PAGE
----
Background: Alzheimer’s disease is a progressive neurodegenerative disease. Numerous cases have illustrated that the acupuncture method could improve Alzheimer’s disease patients’ cognitive function and daily living ability. However, the optimal acupuncture treatments remain controversial. Therefore, we aimed to conduct a systematic review to compare the efficacy of multiple acupuncture therapies for Alzheimer’s disease and identify the optimal acupuncture intervention for delaying Alzheimer’s disease progression.
Methods: To select potentially concerned randomized controlled trials (RCTs), we searched four English databases, four Chinese databases, and additional sources from 1 May 2021. Two independent reviewers conducted study screening, data extraction, and methodological quality assessment. The primary outcome was global cognitive function improvement. Pairwise and Bayesian network meta-analyses were performed using STATA v15.0 and ADDIS v1.16.8. The Grading of Recommendations Assessment, Development, and Evaluation (GRADE) tool was used to assess the quality of evidence.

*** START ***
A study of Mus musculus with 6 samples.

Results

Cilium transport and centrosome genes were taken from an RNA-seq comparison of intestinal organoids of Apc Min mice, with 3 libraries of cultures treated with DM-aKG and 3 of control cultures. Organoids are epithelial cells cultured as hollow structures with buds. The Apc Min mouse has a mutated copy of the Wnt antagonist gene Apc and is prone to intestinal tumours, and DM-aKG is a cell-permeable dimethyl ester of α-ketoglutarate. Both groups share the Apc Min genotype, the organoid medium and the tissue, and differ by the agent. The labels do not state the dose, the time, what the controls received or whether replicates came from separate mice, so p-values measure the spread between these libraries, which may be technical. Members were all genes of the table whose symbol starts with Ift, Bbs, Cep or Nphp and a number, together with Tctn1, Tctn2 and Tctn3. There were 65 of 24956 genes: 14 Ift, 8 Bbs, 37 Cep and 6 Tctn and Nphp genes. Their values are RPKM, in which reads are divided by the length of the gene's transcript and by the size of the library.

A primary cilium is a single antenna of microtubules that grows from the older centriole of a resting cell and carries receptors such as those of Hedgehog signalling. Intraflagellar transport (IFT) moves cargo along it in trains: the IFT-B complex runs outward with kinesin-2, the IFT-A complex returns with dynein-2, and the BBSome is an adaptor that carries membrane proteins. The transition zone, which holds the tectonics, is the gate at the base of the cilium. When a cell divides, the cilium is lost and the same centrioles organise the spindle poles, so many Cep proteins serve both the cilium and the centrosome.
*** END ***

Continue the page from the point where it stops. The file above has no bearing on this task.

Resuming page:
Results: This study included 34 RCTs with 2,071 participants. Regarding global cognitive function improvement, the pairwise meta-analysis confirmed that electroacupuncture plus conventional medicine and manual acupuncture plus conventional medicine were statistically significantly different from conventional medicine, and electroacupuncture plus conventional medicine was ranked as the best combination in the network meta-analysis.
In terms of response rate, manual acupuncture outperformed conventional medicine statistically significantly; warm acupuncture was ranked as the best in the network meta-analysis. Regarding activity of daily living improvement, electroacupuncture plus conventional medicine, manual acupuncture plus conventional medicine, and fire acupuncture plus conventional medicine, manual acupuncture, and scalp acupuncture were statistically significantly different from conventional medicine, and electroacupuncture plus conventional medicine was ranked as the best combination in the network meta-analysis. However, the evidences were ranked as low to critically low.
Conclusions: Acupuncture, as a monotherapy or an adjuvant therapy, may have a beneficial effect on efficacy for Alzheimer’s disease. Electroacupuncture plus conventional medicine may be the optimal acupuncture therapy for Alzheimer’s disease and should be administered to Alzheimer’s disease patients. It may aid and support patient, operative, and societal decision-making.